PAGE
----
Perry Lane Hotel
Owner: Flank Architecture
Lead Design Firm: Hansen Architects
General Contractor/Construction Management: DPR Construction
Civil Engineer: Coleman Co.
Structural Engineer: Tharpe Engineering
MEP Engineer: RWP Engineering
Noted by Forbes magazine as one of the “world’s hottest new hotels” of 2018, Savannah’s Perry Lane—featuring high-end accommodations and picturesque views from its rooftop bar—offers visitors a sense of Southern ease. But building the 170,000-sq-ft, 167-room boutique hotel in Savannah’s historic district was no easy task. The structure—comprised of two five-story buildings—was located within a tight, zero-lot-line site. With limited laydown space, thoughtful sequencing of construction was essential for synchronizing deliveries of materials and equipment.
The project presented contractors with a multifaceted challenge literally from the ground up. With the hotel’s cellar located well into the water table, contractors utilized a special admixture in the concrete retaining wall to mitigate leaks. Because the hotel owner/developer continually fine-tuned the design in order to maximize space utilization in extraordinary ways, BIM proved valuable in coordinating alignment of MEP systems within the interior’s tall, symmetrical ceilings. It was also helpful for creating high-end custom finishes and millwork details.
In addition, many of the finishes required significant lead times. For example, a hanging fixture with radius glass adorning the hotel’s Wayward bar had to be shipped from overseas and required a 20-week lead time.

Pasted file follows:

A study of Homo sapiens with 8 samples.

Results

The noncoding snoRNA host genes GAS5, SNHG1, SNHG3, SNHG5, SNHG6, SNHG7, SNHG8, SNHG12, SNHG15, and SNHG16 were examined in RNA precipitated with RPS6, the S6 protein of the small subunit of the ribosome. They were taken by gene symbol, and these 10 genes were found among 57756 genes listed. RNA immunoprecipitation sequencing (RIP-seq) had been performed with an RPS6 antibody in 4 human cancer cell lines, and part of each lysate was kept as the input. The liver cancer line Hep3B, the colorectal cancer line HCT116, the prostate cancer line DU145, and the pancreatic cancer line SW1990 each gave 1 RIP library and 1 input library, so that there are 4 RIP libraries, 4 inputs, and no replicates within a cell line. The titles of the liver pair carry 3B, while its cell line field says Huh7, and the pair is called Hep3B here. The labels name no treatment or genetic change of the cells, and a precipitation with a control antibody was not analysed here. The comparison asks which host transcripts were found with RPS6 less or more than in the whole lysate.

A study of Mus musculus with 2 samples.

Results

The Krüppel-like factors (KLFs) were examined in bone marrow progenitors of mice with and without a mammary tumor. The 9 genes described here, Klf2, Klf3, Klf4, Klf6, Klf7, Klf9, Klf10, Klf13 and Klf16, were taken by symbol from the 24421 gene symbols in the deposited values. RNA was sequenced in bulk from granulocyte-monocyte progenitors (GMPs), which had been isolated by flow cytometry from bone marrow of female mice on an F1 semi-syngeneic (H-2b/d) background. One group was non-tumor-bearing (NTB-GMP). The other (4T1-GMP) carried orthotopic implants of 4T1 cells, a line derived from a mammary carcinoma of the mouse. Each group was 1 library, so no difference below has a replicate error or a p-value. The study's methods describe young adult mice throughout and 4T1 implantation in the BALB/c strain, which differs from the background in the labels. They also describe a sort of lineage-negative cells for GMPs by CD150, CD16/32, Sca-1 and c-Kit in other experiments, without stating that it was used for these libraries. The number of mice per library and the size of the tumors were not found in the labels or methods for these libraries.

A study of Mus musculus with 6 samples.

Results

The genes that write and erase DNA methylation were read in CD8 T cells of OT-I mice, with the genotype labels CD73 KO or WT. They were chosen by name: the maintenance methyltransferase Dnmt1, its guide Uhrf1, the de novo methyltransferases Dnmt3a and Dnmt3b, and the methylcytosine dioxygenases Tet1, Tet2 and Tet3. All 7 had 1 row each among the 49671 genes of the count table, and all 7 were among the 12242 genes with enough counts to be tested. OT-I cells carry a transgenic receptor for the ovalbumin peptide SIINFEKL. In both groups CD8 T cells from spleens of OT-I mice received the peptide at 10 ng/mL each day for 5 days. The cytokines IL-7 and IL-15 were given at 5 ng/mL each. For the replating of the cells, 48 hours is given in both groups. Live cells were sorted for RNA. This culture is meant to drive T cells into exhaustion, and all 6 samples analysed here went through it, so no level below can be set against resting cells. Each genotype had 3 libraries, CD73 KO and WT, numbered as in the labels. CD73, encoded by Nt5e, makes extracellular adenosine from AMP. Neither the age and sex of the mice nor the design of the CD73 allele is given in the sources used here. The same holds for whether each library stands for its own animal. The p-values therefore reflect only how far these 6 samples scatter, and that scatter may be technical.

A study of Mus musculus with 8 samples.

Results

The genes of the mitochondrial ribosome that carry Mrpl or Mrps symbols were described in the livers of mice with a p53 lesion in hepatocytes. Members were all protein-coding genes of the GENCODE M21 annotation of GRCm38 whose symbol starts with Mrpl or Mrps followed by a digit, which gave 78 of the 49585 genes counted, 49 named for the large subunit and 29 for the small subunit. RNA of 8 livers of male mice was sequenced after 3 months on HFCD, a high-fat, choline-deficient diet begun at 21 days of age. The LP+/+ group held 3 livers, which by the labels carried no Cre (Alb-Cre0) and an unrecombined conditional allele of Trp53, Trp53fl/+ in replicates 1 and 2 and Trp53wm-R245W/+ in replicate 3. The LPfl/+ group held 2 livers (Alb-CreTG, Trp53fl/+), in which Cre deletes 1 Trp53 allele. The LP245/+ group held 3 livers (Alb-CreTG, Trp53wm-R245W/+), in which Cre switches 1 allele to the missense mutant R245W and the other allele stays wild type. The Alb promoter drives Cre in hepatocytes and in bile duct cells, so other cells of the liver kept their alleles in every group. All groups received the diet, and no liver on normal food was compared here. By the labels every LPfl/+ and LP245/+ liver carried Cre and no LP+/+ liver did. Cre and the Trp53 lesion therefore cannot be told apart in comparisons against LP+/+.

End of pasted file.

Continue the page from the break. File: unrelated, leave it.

On the roof, the team utilized structural geofoam to raise the pool deck in order to increase the depth of the water. Along with ensuring the new roof system’s structural integrity, however, the construction team contended with the unpredictable whims of Savannah’s rainy season. A total of 30 rain days complicated the work schedule during July and August. And just as roof installation neared completion in September, along came Hurricane Irma with tropical storm-force wind and rain.
Although the DPR-led team applied technology, innovation and perseverance to see this project through to a successful completion, the personal touch played a key role as well. Good relationships with neighboring businesses as well as the city of Savannah helped minimize the effects of unavoidable short- and long-term inconveniences created by the construction process. DPR used a similar approach to safety, maintaining open lines of communication across the team and encouraging field staff to report unsafe behavior to the project superintendent. Only two minor first-aid incidents and two recordable incidents were logged during the project’s 365,580 work-hours.